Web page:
Wednesday, September 27, 2006

No, New York Should Not Ban Fat

The New York City Board of Health took a step closer to banning trans fat in all city restaurants. Many doctors think that trans fat is bad for your heart. It probably is. But it shouldn't be banned in a free country.

The model that the fat banners use is the smoking ban in New York public buildings, including restaurants. I support a smoking ban in most places, including restaurants. Personally, I would let people smoke in bars, since people go to bars in the first place to do things that are bad for them.

The point is, though, that second-hand smoke is bad for other people beside the smoker. Second-hand fat is not even a meaningful concept. The Board of Health might spend its budget trying to convince people that trans fat is bad for them, and telling them all the kinds of food it appears in. They might require labels on all trans fat foods. They might even make fun of fat people.

But banning fat is just too intrusive. It gives some reality to the insult, "health Nazis."


SPorcupine said...

Among edible fats, transfats are especially unhealthy, but some food makers use them because they're cheaper and easier. Not massively cheaper, just enough cheaper to shave a penny here and a nickel there.

At the grocery store, you can now fend them off, because foods are labelled. Almost the minute the transfat section was added to the label, major vendors started pulling them out of their main products: they'd rather lose a penny a box than cut their boxes-sold by 10 percent.

At current restaurants, no such luck. Chains can save a couple of cents an entree and let it add up, because no one knows where the transfats are.

And no, government can't name which foods include transfats, because they're just a cost-cutting version of almost anything with where oil or or butter or shortening is a relevant ingredient.

A ban is too much, but consumer "choice" without information is too little.

Gruntled said...

So the Board of Health can certify "this restaurant is trans fat free." Or they could require restaurants to label items on the menu "warning: contains trans fat." They do that with nut traces now. Mandating information is a good centrist way.

kairos said...

What's your view about putting floride in the drinking water?

On NPR today I caught a few minutes of a discussion on this matter by an advocate. He was talking about changing the 'default' option, making good public health choices the default and bad ones optional but, indeed, choices off of the norm. So floride in the water becomes standard, because it is good for ones teeth. How is this different?

I think this is the NPR discussion.

I've not listened to the whole thing, but it is interesting. Florinated water seems a much better analogy than the smoking issue, and it changes the critique that you offer.

Thanks for posting and commenting about this!

Gruntled said...

I can see that fluoridating water is an intermediate case between a smoking ban and a fat ban. Still, I think adding is different than banning. If the FDA decided that trans fat was bad in all cases and should be banned nationwide, that would be different. But the FDA also requires a much higher standard of proof, and of harm, than the New York Board of Health does.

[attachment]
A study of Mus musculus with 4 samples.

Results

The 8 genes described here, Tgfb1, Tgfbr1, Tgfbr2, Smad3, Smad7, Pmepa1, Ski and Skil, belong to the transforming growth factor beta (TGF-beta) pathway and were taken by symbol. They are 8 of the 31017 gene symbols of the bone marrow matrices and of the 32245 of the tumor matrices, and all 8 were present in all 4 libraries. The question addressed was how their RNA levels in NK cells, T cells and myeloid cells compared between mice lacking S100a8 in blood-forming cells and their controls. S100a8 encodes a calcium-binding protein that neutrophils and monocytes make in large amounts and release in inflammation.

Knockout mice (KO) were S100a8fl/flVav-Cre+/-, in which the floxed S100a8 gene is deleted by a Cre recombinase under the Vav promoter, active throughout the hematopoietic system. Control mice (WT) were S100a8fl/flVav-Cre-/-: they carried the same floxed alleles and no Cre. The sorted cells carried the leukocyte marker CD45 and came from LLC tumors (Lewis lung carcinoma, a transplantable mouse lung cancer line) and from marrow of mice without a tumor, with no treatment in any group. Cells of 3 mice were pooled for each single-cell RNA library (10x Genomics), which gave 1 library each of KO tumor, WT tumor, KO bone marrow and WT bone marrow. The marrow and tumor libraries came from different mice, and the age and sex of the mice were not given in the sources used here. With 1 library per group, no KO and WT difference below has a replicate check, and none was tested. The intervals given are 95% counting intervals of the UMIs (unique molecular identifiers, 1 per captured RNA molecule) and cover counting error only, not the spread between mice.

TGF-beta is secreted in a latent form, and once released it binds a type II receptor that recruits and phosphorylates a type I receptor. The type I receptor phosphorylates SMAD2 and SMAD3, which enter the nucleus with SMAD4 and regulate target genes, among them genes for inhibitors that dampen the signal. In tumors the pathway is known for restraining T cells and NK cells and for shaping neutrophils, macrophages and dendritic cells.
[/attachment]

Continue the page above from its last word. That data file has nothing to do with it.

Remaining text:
Edith OSB said...

Another problem with the transfat ban: it doesn't come close to addressing the problem it's designed to help: heart disease. Most restaurant food is high in fat of all types. Our taste buds are wired for the taste of fat, so they sell us juicy (fatty) meat, cheese-sauce or cream-sauce, rich desserts. Even if all the transfat were removed, we would just eat more saturated fats.

As we choose to eat out, or buy prepared foods, for a greater proportion of meals, our girth grows and our health declines. I blogged about this a while back at

Floride in the water directly achieves its goal, and the ban on smoking directly protects people from the problems of second-hand smoke. A ban on transfats, in contrast, does not remove the entire class of harmful substances. It does nothing to change the social and behavioral patterns that expose us to so much transfat.

Some sort of labeling would be nice, but if they use butter, cheese, or lard to replace transfats, even the label won't guide us toward something healthy.

If one peruses the nutritional information available online for chain restaurants, the high fat and salt content is amazing, and the very small number of truly healthy options quite disappointing.

Gruntled said...

Good point. One could put a health tax on all kinds of fat, to pay for national health care. That might kill two birds ... (maybe the wrong metaphor).

kairos said...

Very helpful thoughts, Edith. Thanks!

Anonymous said...

Yes, New york should ban Trans fat! We've banned plenty in the history of the USA: leaded gas, loaded guns...I mean, if it's PROVEN by people who STUDY the DAMNED MOLECULE and it's IMPACT on, oh...HUMAN ARTERIES..then, I think that this, naturally occurring fat in the smallest of quantities, indeed, should not be propogated by man, if IN FACT, its ARTIFICIAL aspects are...FATAL. You could call it life span SHORTENING. Crikey, it kills! This stuff (for lack of a better word) MAKES people FATTER than OTHERWISE! YOU EAT TRANS-FATTY food and YOU WILL GET an APPLE SHAPED GUT! Look at the FOODS people eat, then look at the PEOPLE THEMSELVES!


I mean this stuff may cause diabetes...This is what happens when we trusted the 20th century "Cheap Executive Officers" and mass marketing...We know better NOW, lets not wait till LATER.


So put that in your water and drink it. Or buy a $30 faucet filter. Whatever's clever or scientificlly scrutinized.

A 5 year old doesn't choose trans fat loaded animal crackers.